Contemplative Practices in Action:

Spirituality, Meditation, and Health

This groundbreaking primer illuminates contemplative methods that can improve mental and physical health.

Contemplative practices, from meditation to Zen, are growing in popularity as methods to inspire physical and mental health. Contemplative Practices in Action: Spirituality, Meditation, and Health offers readers an introduction to these practices and the ways they can be used in the service of well-being, wisdom, healing, and stress reduction.

Bringing together various traditions from the East and West, this thought-provoking work summarizes the history of each practice, highlights classic and emerging research proving its power, and details how each practice is performed. Expert authors offer step-by-step approaches to practice methods including the 8-Point Program of Passage Meditation, Centering Prayer, mindful stress management, mantram meditation, energizing meditation, yoga, and Zen. Beneficial practices from Christian, Buddhist, Jewish, Hindu, and Islamic religions are also featured. Vignettes illustrate each of the practices, while the contributors explain how and why they are effective in facing challenges as varied as the loss of a partner or child, job loss, chronic pain or disease, or psychological disorders.

    • Foreword by renowned author and scholar Huston Smith, subject of the five-part PBS special, The Wisdom of Faith with Huston Smith
    • Contributions from 13 expert authors
  • Case studies showing how contemplative practices are being used to cope with modern stress and disorders among groups as diverse as caregivers, pregnant women, people living with HIV, and veterans dealing with PTSD


This volume contains the essence of the writings and teachings of Mahayogi Gorakhnath. It is well pointed out that while the ultimate object of the search is the same for a Yogi and a philosopher, their modes of approach are different, the latter’s being intellectual and the former’s intuitive and spiritual. The task of a Yogi does not require any subtle intellectual speculation or the framing of hypotheses and theories. The quest of the Yogi is a direct spiritual experience of truth on a high plane of consciousness. The highest state of Samadhi attained by the Yogi is neither purely subjective nor objective. It transcends both categories and it is really an integrated experience beyond formal description. Such a transcendent state of consciousness is alone called Samadhi.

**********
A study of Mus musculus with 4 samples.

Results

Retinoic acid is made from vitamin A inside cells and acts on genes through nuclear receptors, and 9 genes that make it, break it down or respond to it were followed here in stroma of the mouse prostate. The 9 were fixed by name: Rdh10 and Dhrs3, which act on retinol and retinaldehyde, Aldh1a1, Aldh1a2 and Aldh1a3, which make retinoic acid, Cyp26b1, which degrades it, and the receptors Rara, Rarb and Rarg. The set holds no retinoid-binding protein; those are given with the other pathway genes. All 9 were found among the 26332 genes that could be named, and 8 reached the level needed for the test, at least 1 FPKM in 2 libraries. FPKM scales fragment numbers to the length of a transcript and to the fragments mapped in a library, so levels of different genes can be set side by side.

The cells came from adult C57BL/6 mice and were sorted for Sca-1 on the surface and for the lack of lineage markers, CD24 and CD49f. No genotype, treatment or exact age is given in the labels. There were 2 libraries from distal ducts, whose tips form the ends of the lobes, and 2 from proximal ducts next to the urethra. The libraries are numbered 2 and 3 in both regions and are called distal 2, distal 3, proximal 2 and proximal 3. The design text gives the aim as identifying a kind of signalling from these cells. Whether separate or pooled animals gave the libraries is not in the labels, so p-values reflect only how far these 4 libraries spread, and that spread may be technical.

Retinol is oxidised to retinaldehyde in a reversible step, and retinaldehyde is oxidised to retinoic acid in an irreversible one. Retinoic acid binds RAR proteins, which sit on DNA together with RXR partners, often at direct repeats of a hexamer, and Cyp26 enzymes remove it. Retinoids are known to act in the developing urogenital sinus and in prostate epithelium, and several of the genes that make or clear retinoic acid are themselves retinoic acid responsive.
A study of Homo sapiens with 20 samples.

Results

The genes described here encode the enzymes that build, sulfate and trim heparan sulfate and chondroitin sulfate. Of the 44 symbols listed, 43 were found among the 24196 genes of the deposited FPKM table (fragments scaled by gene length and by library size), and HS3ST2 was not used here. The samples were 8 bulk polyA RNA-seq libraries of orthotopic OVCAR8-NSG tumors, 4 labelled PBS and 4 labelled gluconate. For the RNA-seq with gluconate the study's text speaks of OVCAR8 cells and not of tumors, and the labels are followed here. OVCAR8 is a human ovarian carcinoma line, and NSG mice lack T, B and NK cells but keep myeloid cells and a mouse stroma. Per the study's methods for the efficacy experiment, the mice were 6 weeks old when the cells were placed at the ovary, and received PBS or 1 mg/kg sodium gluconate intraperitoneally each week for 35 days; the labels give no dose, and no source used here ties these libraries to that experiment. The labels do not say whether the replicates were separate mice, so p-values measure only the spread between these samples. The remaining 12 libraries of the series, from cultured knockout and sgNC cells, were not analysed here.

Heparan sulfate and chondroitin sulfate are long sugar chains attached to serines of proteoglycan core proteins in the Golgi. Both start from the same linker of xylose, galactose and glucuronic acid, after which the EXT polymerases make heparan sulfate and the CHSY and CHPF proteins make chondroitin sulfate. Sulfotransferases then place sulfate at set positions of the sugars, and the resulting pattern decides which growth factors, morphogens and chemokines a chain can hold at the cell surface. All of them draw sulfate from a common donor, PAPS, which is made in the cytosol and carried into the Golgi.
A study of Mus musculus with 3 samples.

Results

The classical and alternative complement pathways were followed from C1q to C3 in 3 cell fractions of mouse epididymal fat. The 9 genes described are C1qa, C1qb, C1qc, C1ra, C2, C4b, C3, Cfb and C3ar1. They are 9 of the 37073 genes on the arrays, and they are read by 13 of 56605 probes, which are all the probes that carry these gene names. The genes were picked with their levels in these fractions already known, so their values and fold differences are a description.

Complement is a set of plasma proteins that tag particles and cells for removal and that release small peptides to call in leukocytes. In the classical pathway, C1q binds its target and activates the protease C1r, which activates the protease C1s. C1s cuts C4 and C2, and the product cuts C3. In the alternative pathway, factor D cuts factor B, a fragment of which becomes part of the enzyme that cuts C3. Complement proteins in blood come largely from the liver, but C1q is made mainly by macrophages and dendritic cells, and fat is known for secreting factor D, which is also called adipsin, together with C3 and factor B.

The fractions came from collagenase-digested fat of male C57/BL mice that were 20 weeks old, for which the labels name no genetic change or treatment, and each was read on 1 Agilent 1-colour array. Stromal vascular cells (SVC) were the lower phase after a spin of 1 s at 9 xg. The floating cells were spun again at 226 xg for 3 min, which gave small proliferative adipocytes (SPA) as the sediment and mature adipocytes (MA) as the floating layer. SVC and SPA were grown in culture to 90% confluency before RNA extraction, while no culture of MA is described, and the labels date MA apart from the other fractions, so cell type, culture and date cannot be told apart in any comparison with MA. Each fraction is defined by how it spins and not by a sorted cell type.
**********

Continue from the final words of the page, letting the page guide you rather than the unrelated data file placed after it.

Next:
This book is an attempt to present a systematic and consistent account of the philosophical background of the spiritual culture associated with the names of Yogi Gorakhnath and other adepts of the Natha school. The account is mainly based on an original Sanskrit text of the school attributed to Gorakhnath, which is believed to be a faithful record of some of the traditional views of the school. The author has ably accomplished his self-imposed task which is difficult not only for the great depth of yogic wisdom implied in the teachings but also for the great paucity of necessary materials.

The author has said everything worth knowing for a beginner in regard to the philosophical outlook of Nathism. The ultimate reality- Brahman and Para-Samvit; the inter-relation of Siva and Sakti; the gradual unfoldment of the supreme Sakti and the origin of the universe consisting of an infinite series of world-systems; the appearance of the individual souls and their relation to the cosmic Purusa; the supreme ideal of human life; the relation between macrocosm and microcosm; the universe as the body of the transcendent: these are some of the topics on which the learned author has tried to throw light. As Nathism represents a particular aspect of Hindu spiritual life, the writer has done well in dealing at some length with the ideal of Hindu spirituality in general.